I am working on a class project as layed out by the instructor. This is in conjunction with Chapter 13 (Exceptions) from the book How To Program in C++ by Deitle 4/e. I am at a total loss on this subject. I thought that catching problems was up to the compiler. I have included Figure 13.1 for an example as per instructions and some code I have been working on. Could someone please look this over and help me get my brain around exceptions or at least this project?

// Fig. 13.1: fig13_01.cpp
// A simple exception-handling example that checks for
// divide-by-zero exceptions.

#include <iostream>
using std::cout;
using std::cin;
using std::endl;
#include <exception>
using std::exception;
// DivideByZeroException objects should be thrown by functions
// upon detecting division-by-zero exceptions
class DivideByZeroException : public exception {
// constructor specifies default error message
: exception( "attempted to divide by zero" ) {}
}; // end class DivideByZeroException
// perform division and throw DivideByZeroException object if 
// divide-by-zero exception occurs
double quotient( int numerator, int denominator )
// throw DivideByZeroException if trying to divide by zero
if ( denominator == 0 )
throw DivideByZeroException(); // terminate function
// return division result
return static_cast< double >( numerator ) / denominator;
} // end function quotient
int main()
int number1; // user-specified numerator
int number2; // user-specified denominator
double result; // result of division
cout << "Enter two integers (end-of-file to end): ";
// enable user to enter two integers to divide
while ( cin >> number1 >> number2 ) {
// try block contains code that might throw exception
// and code that should not execute if an exception occurs
try {
result = quotient( number1, number2 );
cout << "The quotient is: " << result << endl;
} // end try
// exception handler handles a divide-by-zero exception
catch ( DivideByZeroException &divideByZeroException ) {
cout << "Exception occurred: " << 
divideByZeroException.what() << endl;
} // end catch
cout << "\nEnter two integers (end-of-file to end): ";
} // end while
cout << endl;
return 0; // terminate normally
} // end main

Here is the instructions and code I'm trying to use.

/*Create a program that defines three user defined exception classes
(called ExceptionOne, ExceptionTwo, and ExceptionThree
- with the messages being the same as the name - see Figure 13.1 for an example).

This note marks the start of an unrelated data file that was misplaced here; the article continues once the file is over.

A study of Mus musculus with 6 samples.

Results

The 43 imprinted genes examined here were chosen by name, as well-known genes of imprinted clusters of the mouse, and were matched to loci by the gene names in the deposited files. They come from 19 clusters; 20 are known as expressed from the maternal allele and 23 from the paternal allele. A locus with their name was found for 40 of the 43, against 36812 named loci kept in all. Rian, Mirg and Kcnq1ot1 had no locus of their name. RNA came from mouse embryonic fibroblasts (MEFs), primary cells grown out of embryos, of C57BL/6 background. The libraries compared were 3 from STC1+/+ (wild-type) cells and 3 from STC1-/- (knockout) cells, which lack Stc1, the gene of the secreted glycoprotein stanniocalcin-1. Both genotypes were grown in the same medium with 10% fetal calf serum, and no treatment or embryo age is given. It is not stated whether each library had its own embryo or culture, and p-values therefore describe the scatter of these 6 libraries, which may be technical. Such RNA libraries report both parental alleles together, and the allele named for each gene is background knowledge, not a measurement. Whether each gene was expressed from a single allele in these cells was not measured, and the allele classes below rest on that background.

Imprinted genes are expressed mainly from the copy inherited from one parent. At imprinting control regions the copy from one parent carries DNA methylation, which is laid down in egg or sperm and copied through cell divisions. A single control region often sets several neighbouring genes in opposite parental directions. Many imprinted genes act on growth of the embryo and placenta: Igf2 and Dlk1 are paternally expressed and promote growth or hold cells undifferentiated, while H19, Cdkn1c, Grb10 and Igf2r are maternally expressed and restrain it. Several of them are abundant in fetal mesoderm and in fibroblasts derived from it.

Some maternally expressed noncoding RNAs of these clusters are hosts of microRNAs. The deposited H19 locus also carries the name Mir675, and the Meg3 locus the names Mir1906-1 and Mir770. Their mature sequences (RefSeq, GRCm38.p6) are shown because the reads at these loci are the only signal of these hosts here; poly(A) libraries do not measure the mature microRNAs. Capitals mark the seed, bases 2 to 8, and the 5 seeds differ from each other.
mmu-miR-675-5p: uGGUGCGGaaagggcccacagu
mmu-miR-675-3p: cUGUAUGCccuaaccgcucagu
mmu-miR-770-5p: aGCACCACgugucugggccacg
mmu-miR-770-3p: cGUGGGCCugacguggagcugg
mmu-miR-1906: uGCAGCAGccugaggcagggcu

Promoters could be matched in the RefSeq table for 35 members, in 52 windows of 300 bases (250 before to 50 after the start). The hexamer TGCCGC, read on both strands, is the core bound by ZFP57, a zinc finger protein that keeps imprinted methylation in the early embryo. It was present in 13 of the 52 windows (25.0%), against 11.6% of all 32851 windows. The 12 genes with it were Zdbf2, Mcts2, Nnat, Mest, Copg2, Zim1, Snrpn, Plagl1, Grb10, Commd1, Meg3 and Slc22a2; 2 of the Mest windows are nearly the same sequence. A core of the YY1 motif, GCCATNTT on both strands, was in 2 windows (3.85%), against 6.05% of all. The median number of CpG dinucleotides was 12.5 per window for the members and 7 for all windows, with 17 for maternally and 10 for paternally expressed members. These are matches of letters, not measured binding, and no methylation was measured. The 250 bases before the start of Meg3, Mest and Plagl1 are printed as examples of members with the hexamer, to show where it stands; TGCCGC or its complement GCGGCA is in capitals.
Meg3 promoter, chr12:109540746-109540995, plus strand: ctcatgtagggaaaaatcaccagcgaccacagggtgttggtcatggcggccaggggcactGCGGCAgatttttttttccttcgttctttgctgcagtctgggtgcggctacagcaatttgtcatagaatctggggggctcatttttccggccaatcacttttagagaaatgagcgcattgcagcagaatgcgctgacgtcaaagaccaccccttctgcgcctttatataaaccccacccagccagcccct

The program should have a loop with a menu with four selections
- Option 1 will throw ExceptionOne, Option 2 ExceptionTwo, Option 3 ExceptionThree
, and Option 4 to exit.
The catch block should only catch the first two exceptions explicitly
with the last exception caught generically.
Make sure the switch logic is inside a try block followed by three catch blocks.

#include <iostream>
#include <exception>
#include <ctime>
using std::cout;
using std::cin;
using std::endl;
class BaseException 
// constructor specifies default error message
ExceptionOne::BaseException ()
: ExceptionOne
}// end class 
class ExceptionOne: public BaseException {
}// end class
class ExceptionTwo: public ExceptionOne {
// constructor specifies default error message
: ExceptionTwo
} // end class 
class ExceptionThree: public ExceptionTwo {
}// end class
int main()

Any help greatly appreciated. Thanks

10 Years
Discussion Span
Last Post by John A

Please use proper indentation for your code. Doing it is a good habit, and most editors have an option that enables automatic indentation. That way we can read your code eaiser. :)

>I thought that catching problems was up to the compiler.

It is, but not entirely. A compiler can only catch syntax errors, not runtime errors. For example, consider the following equation:


Now, most compilers will automatically alert you of this error because of course, you cannot divide by 0. This is a syntax error. However, consider this statement:


The compiler has no way of knowing what divider will contain at runtime. It could have been inputted by the user, been generated as a random number, etc.. There's many other runtime errors that the compiler cannot predict, such as the computer having insufficient memory, a file being missing; you get the idea. So then it's up to your program to handle the errors.

That's where exception handling comes in. It allows you an easy way to control and handle errors, as opposed to the traditional C-style of error checking, where you decided a function's success purely based on return code or values of pointers modified.

You could just throw a simple string, but using classes gives you much more flexibility. You can fill in data such as where the error occured, the date and time, why it occured. Additionally, using classes allows you to take advantage of exception handling's type checking, which will automatically pick out the right catch block to use.